Image via Matt and Lentil’s Grown & Gathered Flower Exhange – a totally beautiful idea where you can trade your own talents or things for beautiful blooms. How great is that?!
I’ve been thinking a lot over the weekend about a lot of different things. Here are two of them…
Thing One: The Like Cycle
Wow. You know, social media has many of us wanting to pin our hopes on much-followed ‘online superstars’. Our new heroes. Yay!
The idea that follower/like numbers equals success feeds alarmingly into this equation. Not only are we sidling up to the much-followed more readily (because they have the numbers), the much-followed are reaping the benefits, being offered opportunities like book deals, speaking ops and ambassadorships. The legitimacy book deals, speaking ops etc offer leads us to take the much-followed even more seriously, even treating them as experts.
Around and around it all goes.
This ‘like-cycle’ is problematic. It ignores the fact that Instagram or Facebook followers/likes can be bought at the drop of a hat, that all may not be what it seems. It confuses us too, with some thinking – “Everyone else likes them, so maybe I should like them too?!” Big mistake. (Huge!)
As we scroll our social feeds, we see the things the much-followed-opportunity-offered-types are doing. We notice they seem to be behaving/living in ways we admire or aspire to. Before you know it, we get drawn in by all those pretty pictures. (Turn back now!)
We might find ourselves trying to fit their prescriptive/ill-informed advice or platitudes or jargon into our own lives, parroting or sharing or emulating the things they do and leaving ourselves behind. We might get stuck on their ‘numbers’ as a measure of knowledge or ‘success’, assume they are an expert in their field and deduce that we should listen up (when really we should take a step back).
I think it’s high time we all took a more clever, critical view of those crowned in this online ‘cult of personality’. Numbers do not maketh the expert. Being well-known does not mean you know well.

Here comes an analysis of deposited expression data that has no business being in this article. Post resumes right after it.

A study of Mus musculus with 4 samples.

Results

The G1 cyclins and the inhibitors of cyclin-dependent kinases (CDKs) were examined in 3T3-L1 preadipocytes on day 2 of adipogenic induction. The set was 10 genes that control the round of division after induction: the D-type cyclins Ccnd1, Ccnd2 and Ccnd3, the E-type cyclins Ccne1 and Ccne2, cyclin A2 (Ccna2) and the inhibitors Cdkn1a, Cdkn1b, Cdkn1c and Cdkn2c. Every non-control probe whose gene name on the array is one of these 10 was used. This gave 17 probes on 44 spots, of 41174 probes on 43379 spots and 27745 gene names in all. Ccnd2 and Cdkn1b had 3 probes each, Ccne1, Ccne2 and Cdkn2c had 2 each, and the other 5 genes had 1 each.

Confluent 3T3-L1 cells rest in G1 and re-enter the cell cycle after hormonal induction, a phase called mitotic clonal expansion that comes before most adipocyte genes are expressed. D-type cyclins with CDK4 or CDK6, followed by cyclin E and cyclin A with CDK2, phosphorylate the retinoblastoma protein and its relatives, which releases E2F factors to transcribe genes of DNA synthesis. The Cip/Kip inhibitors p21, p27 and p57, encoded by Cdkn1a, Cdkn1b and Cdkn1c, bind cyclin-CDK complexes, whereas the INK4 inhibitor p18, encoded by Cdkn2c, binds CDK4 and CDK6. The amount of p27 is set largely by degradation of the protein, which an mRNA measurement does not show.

Let’s not blindly or passively give online personalities the power to disappoint us or mislead us. Let’s make our own smart decisions based on research and facts and intuition and our own cleverness. Let’s not share/like stuff from the people everybody else likes because everybody else is liking it. (Gah!)
Let’s be canny explorers of our own lives and likes and loves instead.
(Sorry. That’s quite prescriptive. Know that I’m not an expert and you can thumb your nose at me and work this out for yourself. I’m good with that!)
Thing Two: Daydreamy Wanderlust
We spend a lot of time wishing we were somewhere else, don’t we? I really think it’s true.
I remember reading a particular picture book to my kids when they were weeny. It was a Sarah Garland one and in it the mum sat in the kitchen and stared a travel poster or brochure with a cup of tea in hand. I think it might have been raining outside, even? I don’t have the book* anymore, so I can’t tell you the holiday destination depicted, but I can tell you that the pages totally expressed how much that mama wanted to have some time out in a sunny location. There was something in her gaze.
The thing is, I catch myself doing this too.
As I am living in our (rented) building in Fitzroy but I’m always thinking about the house we will move to next. I can feel the open rooms, the brighter light, the backyard full of trees, the quiet, the garage door. It’s so funny, because I have no idea what our next home will be like and yet I can feel it when I close my eyes or daydream (as I do the dishes or head to get the mail!) I feel it like the kitchen mama feels her holiday.
I’m sure it’s not just me and the illustrated mum. Lots of advertising and goal setting revolves around where you really want to be or where you’d like to go.
I think that’s ace, for sure, for some, but maybe not for me. It puts me in danger of continually defaulting to the daydream of somewhere else. It’s great to have adventures to look forward to, but I’m going to try to dream more about making the most of where I am.
That’s it really. Just wanted to tell you that stuff. Maybe it was weird, but I like weird stuff.
* (Maybe the book was Doing The Washing? I am not sure.)